Advisers who are striking out on their own need to decide whether to be a registered investment adviser or affiliated with a broker-dealer.
“I'm finding a lot of freedom in the independent model,” says Julie Ford, a CFP who this year founded the RIA firm, Ford Financial Solutions in New York. “I'm in control of the direction of my firm, the people I serve and the services I provide.”
Claudia Mott, a CFP and the principal of Epona Financial Solutions in Basking Ridge, N.J., says that being an RIA allows advisers to make decisions independently without the demands that a larger organization may place on them, including dictating which products to sell or setting quotas or goals without advisers’ input.
But that independence also means no compliance support or marketing assistance.
And compliance issues can be complex, says P. Jeffrey Christakos, a CFP and the lead adviser at Westfield (N.J.) Wealth Management.
Finding adequate errors and omissions insurance, dealing with brokerage platforms, and handling regulatory audits can put advisers out of business if these aren’t handled properly.
On the other hand, compliance departments within BDs may not have advisers’ individual situation in mind when making decisions, Christakos says.
Other considerations to joining such affiliations include reimbursement for the BD’s overhead and profit, and product offerings that may not match individual practices.
Gregory Alerte, a CFP and the co-founder and managing partner of Premier Heritage in Woodbury, N.Y., says that such affiliations allow advisers to focus more on clients and less on back-office and administrative tasks.
Planners can also partner with more advisers.
“However, you do have to pay attention when clients might have affiliations with other advisers in the network so there’s no cannibalization,” Alerte says.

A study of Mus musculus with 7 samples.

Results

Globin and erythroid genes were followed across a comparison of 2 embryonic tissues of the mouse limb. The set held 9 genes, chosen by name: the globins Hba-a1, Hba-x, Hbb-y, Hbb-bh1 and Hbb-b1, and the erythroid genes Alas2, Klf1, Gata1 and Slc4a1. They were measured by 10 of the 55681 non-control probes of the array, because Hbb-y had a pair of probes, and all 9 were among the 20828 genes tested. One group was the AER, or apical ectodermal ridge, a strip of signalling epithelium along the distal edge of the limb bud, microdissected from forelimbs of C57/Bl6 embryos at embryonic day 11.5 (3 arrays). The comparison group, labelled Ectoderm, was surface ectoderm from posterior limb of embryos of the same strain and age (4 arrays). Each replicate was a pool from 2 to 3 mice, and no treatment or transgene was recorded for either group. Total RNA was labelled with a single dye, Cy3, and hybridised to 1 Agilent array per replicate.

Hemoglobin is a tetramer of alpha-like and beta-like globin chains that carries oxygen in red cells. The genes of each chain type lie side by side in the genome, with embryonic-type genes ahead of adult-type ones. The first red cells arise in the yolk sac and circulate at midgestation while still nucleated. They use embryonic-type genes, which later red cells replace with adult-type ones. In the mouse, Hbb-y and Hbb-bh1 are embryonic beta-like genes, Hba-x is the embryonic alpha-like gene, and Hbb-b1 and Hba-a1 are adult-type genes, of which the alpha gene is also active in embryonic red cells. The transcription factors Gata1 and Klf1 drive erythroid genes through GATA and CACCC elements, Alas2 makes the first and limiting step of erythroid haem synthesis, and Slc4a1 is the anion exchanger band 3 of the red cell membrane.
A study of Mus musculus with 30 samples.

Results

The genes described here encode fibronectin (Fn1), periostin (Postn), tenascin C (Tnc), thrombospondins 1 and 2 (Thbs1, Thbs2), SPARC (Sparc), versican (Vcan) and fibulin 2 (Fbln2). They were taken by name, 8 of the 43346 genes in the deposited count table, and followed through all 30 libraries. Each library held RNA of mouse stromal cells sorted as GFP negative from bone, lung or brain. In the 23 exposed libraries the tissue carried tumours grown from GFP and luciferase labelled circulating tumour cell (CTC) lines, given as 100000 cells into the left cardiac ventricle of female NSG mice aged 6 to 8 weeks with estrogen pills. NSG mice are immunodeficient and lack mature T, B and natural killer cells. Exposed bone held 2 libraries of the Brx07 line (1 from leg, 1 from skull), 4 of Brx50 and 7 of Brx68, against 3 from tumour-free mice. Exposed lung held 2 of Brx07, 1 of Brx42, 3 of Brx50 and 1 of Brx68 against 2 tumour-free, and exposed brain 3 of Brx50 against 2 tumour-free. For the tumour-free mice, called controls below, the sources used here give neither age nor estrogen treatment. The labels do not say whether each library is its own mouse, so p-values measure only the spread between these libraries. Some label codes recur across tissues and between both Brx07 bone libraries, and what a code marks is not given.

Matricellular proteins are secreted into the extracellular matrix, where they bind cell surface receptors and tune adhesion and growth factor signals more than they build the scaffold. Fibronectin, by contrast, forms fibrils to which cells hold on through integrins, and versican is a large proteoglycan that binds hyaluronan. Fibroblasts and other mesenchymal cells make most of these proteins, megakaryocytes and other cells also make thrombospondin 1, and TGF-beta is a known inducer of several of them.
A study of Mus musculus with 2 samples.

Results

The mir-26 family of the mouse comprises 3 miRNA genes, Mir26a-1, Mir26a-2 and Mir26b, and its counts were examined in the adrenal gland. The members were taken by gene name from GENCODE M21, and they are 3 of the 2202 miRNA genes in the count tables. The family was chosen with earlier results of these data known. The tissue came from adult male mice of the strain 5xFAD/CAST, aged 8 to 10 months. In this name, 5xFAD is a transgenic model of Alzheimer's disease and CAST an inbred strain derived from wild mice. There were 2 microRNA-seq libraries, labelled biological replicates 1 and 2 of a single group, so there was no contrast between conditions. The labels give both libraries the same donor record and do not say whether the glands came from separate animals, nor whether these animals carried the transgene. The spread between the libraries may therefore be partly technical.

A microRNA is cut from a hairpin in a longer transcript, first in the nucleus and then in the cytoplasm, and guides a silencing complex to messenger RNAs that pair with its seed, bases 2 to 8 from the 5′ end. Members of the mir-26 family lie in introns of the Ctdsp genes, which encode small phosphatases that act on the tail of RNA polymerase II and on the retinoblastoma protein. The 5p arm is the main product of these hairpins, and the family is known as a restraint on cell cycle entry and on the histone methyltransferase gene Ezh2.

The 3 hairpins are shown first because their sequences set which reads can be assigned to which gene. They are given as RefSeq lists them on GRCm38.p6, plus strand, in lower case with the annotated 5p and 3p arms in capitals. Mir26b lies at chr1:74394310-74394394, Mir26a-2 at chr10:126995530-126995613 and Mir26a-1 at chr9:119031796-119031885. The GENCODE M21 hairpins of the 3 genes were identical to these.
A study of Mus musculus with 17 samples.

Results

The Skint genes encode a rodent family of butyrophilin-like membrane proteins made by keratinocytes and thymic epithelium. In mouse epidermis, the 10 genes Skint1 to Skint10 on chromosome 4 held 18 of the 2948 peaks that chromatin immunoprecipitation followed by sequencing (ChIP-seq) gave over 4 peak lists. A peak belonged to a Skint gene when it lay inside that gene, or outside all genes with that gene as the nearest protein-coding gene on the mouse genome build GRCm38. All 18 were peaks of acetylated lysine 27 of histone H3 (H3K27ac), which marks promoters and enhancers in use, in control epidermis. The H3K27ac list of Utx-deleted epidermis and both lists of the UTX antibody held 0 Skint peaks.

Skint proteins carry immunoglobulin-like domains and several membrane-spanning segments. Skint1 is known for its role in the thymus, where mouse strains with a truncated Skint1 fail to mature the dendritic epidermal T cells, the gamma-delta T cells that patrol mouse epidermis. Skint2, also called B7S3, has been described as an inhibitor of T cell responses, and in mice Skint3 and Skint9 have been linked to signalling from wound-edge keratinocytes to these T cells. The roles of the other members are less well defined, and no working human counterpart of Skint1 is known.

Rosa Ybarra, a CFP and senior financial planner at Tranquility Financial Planning in McAllen, Texas, says that BD affiliations allow advisers to offer products and services that might not be available to them as RIAs.
“Also, since it is quite difficult for a small firm to be able to receive access to many trading platforms or custodians, the opportunity to become affiliated with a broker-dealer becomes that much more attractive,” she says.
If an adviser has “a true entrepreneurial spirit, then RIA is definitely the way to go,” says Helen Ngo, a CFP and principal and chief compliance officer of Capital Benchmark Partners in Atlanta, who has been an adviser at wirehouses, BDs and now has an RIA firm.
“If you’re more into sales and solely want to focus on getting new clients but don’t like managing the overhead or operations of a business, then being affiliated with a broker-dealer might be better for you,” she says. “But for me, I wanted more autonomy and allowance for creativity, and so I opened my own RIA firm.”
This story is part of a 30-30 series on transitions.